Credit card bug testing and the abandoned shopping cart
Online shopping is a way of life for most of us. We shop while in bed, in the car, at work, and even under the influence. That’s right, you read that correctly. Consumers are drunk shopping. According to BigCommerce, one out of ten shoppers admitted to buying something online after drinking alcohol. So why are some consumers still abandoning their carts?
This post is part of series on the test IO blog about real bugs that our testers have found during test cycles. In each post, we explore the details of the issue, explain its impact, and discuss what software teams can do to avoid similar problems.
A report by Business Insider Intelligence found that e-commerce retailers are potentially losing billions of dollars due to abandoned carts. Lengthy or complicated checkout forms, such as entering shipping addresses or payment information, account for approximately 39% of U.S. cart abandonments. This is one of the key ways test IO helps companies increase revenue: we help discover where potential customers are encountering UI, validation, and other problems that lead to revenue loss.
For our first bug of the week we’re taking a closer look at a credit card bug that had the potential to cause customers to abandon shopping carts.
While testing an e-commerce site, one of our testers found a severe bug during the order checkout process. After entering the credit card number, users were unable to enter the 4-digit verification code for American Express credit cards. The CVV/CID validation field allowed them to enter a maximum of 3 digits. The bug was initially discovered on Apple iPad 2, iOS 9.3.5 as part of a mobile testing cycle. However, it ended up being reproducible across browsers and platforms. There was no error message on the security code field itself. The error message advised the tester to select the credit card type, even though the credit card number had already been entered.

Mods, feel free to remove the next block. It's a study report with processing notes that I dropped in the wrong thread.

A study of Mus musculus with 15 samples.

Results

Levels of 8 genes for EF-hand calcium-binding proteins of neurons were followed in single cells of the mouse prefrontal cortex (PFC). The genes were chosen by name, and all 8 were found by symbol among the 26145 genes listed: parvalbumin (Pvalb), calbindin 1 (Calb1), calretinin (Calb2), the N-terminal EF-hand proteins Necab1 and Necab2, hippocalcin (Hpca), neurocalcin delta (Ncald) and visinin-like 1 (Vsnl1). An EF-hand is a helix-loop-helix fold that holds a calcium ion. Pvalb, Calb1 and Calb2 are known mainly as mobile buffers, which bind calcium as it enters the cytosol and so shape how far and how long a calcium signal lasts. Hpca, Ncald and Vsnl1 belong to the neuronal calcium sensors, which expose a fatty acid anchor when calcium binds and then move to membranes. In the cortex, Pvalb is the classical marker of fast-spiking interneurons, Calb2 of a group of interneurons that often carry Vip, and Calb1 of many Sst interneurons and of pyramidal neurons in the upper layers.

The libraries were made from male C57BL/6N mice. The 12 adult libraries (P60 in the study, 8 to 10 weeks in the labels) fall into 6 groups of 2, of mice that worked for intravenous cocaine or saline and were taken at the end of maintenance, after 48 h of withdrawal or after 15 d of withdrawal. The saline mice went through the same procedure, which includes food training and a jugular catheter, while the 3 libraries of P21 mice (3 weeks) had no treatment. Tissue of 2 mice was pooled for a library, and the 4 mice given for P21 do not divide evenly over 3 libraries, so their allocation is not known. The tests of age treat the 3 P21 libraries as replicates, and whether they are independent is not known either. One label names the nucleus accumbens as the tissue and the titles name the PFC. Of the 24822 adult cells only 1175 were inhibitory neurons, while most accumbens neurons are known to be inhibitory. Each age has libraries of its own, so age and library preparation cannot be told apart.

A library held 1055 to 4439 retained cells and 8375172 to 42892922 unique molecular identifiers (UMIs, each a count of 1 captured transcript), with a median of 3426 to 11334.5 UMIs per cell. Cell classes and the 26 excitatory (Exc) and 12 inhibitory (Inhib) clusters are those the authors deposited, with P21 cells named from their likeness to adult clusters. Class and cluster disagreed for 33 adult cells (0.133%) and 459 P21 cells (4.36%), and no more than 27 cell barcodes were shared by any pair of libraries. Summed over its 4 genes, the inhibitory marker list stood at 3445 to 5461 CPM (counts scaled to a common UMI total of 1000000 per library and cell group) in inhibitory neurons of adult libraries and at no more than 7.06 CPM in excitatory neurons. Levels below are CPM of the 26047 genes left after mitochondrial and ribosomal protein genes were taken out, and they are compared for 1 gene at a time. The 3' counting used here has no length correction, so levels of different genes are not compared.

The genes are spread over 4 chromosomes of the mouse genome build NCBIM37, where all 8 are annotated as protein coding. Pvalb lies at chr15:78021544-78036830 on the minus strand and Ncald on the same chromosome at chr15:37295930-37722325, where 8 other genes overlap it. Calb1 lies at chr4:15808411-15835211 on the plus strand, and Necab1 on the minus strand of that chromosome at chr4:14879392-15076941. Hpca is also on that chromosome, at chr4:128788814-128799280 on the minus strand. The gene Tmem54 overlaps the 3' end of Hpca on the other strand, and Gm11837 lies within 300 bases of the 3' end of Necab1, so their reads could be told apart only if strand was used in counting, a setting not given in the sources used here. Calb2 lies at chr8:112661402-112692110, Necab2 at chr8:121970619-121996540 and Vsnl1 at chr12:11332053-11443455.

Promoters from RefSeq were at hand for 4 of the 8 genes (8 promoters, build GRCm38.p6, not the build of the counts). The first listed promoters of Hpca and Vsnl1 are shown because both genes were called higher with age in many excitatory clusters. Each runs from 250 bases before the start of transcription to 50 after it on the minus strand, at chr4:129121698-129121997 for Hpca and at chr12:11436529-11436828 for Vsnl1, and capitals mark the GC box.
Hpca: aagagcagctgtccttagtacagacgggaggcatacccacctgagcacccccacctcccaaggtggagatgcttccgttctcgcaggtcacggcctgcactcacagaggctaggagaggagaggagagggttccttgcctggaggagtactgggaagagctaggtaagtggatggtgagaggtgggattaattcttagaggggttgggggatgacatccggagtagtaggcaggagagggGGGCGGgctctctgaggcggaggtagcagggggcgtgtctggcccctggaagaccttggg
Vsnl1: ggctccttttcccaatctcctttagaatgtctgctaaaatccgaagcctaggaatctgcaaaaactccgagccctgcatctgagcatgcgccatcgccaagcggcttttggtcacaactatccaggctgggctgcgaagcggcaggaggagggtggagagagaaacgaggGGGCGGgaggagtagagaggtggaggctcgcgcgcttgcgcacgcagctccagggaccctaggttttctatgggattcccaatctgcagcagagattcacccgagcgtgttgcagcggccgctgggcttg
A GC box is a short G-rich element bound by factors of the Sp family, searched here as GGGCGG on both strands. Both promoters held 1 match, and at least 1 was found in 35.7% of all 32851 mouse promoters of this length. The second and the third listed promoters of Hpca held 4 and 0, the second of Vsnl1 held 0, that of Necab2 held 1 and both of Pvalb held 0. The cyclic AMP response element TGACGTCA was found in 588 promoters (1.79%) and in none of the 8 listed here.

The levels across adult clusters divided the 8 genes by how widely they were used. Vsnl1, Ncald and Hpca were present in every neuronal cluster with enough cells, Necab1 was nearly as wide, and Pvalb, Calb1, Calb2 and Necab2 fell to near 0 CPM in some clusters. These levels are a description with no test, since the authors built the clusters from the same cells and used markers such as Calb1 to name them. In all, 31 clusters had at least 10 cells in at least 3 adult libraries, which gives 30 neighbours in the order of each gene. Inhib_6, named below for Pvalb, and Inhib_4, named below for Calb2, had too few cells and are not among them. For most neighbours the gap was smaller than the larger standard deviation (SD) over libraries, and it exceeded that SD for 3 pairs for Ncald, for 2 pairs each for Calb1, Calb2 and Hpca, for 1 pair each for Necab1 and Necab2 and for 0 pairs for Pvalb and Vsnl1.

What we can learn from this bug is the importance of field validation. It appeared that the credit card field did not validate the card type when the credit card number was entered. So it would not allow the tester to enter the 4-digit Amex security code. The security code input field most likely defaulted to the first card in the selector, which was Visa. Visa cards have a 3-digit code.
The best practice is to set the credit card field up for automatic validation, as the first few digits of a credit card identify the card type. This makes validation much easier. It’s also important that your payment API is set up to ensure each card type accepts the correct number of digits for the CVV/CID.
Consumers want bargains but they also want convenience. They are counting on you to make their shopping experience as seamless as possible. This includes making the payment process less of a headache. Even when implementing the one-click payment process, users need their initial credit card setup to be a simple one. Especially those under the influence.